As America emerges from the pandemic, increasing violent crime rates represent a warning to city and state leaders not to relax focus on strategies to reduce violence and address the issues contributing to criminal behavior in the nation’s most troubled neighborhoods, says a study released Friday.
The report by criminologists Richard Rosenfeld and Ernesto Lopez of the University of Missouri-St. Louis found that while murders have declined slightly since the summer of 2020, the homicide rate still rose by 24 percent in the first quarter of 2021, compared to the same period last year.
The figures amount to a 49 percent increase over the same period in 2019.
Aggravated and gun assault rates also rose by 7 percent and 22 percent, respectively, in the same quarter, according to the study released by the National Commission on COVID-19 and Criminal Justice (NCCJ).
The high statistical increase masked a relatively small number of additional murders or violent crimes in many of the 24 cities which provided data for the report, the authors cautioned. A 113 percent homicide rate increase in Omaha, Neb., for instance, represented an increase from three murders between January and March 2020, to seven in the first quarter of 2021.
And overall, the 2020-2021 crime rates continue to follow a two-decades-long decline in homicide across the U.S., the authors added. In 1995, there were 19.5 deaths per 100,000 people, compared to 11.4 deaths per 100,000 at the end of 2020.
Nonetheless, the spike in murders and violent assaults has surprised many observers who assumed violent crime rates would parallel the decrease in other types of crime since the coronavirus spread across the U.S.
The increase is a sobering reminder that the social conditions and tensions which fueled violent behavior have not disappeared and, if anything, may have been exacerbated during a year that saw rising anger over police misconduct, the authors said.
“Cities must respond quickly and comprehensively to rising rates of homicide,” said Thomas Abt, NCCJ Director. “There are scientifically proven strategies currently available to stop violence and save lives.
“The time to act is now.”
The report’s conclusions were based on extrapolating weekly online police reports for 10 offenses in 32 cities, ranging from large metropolitan areas such as Atlanta, Chicago and Memphis, as well as smaller jurisdictions such as Norfolk, Va.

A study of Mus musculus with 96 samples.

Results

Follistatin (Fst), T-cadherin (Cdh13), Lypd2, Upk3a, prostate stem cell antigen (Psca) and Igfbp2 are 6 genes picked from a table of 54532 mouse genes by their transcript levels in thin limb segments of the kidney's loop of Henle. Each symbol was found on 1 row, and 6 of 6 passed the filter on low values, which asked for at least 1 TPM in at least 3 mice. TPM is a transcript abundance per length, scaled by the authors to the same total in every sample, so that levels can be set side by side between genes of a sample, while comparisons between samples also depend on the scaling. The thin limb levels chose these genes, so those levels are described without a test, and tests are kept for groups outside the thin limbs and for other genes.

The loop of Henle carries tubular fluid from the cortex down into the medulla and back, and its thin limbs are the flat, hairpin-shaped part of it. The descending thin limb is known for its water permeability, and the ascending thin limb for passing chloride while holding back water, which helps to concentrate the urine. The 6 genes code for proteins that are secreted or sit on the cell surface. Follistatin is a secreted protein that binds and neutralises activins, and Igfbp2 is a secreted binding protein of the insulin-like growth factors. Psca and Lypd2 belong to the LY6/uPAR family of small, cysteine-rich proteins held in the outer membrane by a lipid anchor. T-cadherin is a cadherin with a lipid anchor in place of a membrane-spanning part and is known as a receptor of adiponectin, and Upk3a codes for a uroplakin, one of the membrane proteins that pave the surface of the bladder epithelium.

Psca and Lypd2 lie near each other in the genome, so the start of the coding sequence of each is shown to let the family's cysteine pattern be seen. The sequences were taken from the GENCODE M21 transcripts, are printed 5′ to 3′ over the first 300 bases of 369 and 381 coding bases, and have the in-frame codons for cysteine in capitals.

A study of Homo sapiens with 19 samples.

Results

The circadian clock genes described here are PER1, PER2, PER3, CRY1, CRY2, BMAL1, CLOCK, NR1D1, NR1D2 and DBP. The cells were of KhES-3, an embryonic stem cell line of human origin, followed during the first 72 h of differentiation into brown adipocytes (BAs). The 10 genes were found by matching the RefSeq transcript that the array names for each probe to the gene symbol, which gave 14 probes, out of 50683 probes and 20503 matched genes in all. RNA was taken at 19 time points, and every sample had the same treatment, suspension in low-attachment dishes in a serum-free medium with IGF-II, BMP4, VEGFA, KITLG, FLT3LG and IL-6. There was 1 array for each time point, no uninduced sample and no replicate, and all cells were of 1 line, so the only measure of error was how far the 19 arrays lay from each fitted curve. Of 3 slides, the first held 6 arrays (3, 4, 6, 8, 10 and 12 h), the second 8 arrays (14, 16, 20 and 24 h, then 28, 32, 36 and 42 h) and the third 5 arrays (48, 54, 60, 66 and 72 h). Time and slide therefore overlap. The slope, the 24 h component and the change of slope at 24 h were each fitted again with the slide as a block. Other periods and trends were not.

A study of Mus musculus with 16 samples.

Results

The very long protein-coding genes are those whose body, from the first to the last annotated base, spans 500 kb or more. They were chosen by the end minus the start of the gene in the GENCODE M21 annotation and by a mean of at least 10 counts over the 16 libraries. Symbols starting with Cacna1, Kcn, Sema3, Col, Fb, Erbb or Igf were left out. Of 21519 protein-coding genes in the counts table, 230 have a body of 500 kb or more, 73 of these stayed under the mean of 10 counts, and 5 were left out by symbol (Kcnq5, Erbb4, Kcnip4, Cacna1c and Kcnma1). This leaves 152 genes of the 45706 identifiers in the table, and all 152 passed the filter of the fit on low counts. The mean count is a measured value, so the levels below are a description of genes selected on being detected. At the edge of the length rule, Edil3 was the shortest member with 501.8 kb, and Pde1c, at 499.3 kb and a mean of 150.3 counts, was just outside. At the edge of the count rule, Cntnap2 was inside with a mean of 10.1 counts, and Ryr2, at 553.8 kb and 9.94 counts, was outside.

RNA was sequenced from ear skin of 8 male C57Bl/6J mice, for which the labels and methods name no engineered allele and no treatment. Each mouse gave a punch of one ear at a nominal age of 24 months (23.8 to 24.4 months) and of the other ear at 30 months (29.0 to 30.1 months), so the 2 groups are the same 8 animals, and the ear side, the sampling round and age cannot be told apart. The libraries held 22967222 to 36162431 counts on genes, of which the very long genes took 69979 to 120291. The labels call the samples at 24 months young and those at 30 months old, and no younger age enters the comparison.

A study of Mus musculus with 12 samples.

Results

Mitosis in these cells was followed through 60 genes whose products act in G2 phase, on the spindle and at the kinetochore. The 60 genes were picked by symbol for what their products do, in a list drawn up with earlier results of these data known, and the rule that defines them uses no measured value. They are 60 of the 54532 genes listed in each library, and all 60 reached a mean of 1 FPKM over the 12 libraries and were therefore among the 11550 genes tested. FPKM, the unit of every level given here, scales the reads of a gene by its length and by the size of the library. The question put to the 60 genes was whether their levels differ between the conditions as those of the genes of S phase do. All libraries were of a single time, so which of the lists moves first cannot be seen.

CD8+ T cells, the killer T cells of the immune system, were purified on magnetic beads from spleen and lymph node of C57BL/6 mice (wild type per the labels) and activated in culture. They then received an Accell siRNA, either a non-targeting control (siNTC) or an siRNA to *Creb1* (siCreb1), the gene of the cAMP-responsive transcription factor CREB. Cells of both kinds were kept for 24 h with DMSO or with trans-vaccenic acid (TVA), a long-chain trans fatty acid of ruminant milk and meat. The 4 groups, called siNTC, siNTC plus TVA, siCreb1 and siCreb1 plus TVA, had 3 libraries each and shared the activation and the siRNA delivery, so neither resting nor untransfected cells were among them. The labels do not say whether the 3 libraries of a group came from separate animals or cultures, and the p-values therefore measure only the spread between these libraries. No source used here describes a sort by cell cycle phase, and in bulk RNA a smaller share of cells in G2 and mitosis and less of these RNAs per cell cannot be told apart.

Not all cities responded with data for each offense, so the study concentrated on those cities where comprehensive figures were available. Violent crime increased in just 21 of the 24 cities where the full database could be examined.
Numerically, the increase was not as stark as the percentages might indicate. The 24 percent increase actually translated to 193 additional murders across all the cities in the sample.
And they almost entirely occurred in neighborhoods already plagued by gang violence, drug trafficking and unemployment―a factor which “requires an urgent response from city leaders,” the authors wrote.
Murder rates, in fact, began to increase in 2019 before the pandemic began, the study noted.
“As the pandemic subsides, hot-spot strategies that focus on those areas where the violence is concentrated should be redoubled,” the study said. “The anti-violence efforts of street outreach workers and other non-police actors who engage directly with those at the highest risk for violence must also be strengthened and sustained.”
Moreover, such antiviolence strategies should coincide with long-term police reforms aimed at increasing accountability as well as effort to “redirect certain police functions.”
Implicit in these recommendations was support for growing calls for police to offload the kind of crisis intervention activities that have led to violent interactions―for example with civilians who are homeless, in mental distress or are substance abusers―to social service, substance abuse or health care professionals.
“Abandoning long-needed police reform is not a viable policy option,” the authors concluded. “Change is essential to improve the relationship between police and communities and achieve durable reductions in urban violence.”
Interestingly, while nonviolent crimes fell during the first quarter―the robbery rate for example was 11 percent lower, residential burglaries dropped by 16 percent, and drug offenses were down 24 percent―motor vehicle theft increased by a hefty 26 percent.
Many criminologists suggest the hike in motor vehicle theft reflected “crimes of opportunity” by individuals exploiting the fact that most urban Americans left their cars parked or unattended during the nationwide lockdowns.
“The timing of the declines in burglaries, larcenies and drug crimes coincided with the stay-at-home mandates and business closings that occurred in response to the pandemic,” the study found.
“Quarantines reduced residential burglary. When businesses are closed, there is no shoplifting. Selling drugs on the street is more difficult when there are fewer people on the street, and drug arrests fall when police reduce drug enforcement because they have prioritized other activities.”
One other finding brought a note of caution from the researchers. Aggravated and “simple” assaults associated with domestic violence fell four percent from the previous quarter.
But the authors acknowledged that other research shows an increase in domestic violence during the pandemic, and noted that their data came from just 11 of the 32 cities in the study.
The full NCCJ study and accompanying tables can be downloaded here.
Stephen Handelman is editor of The Crime Report.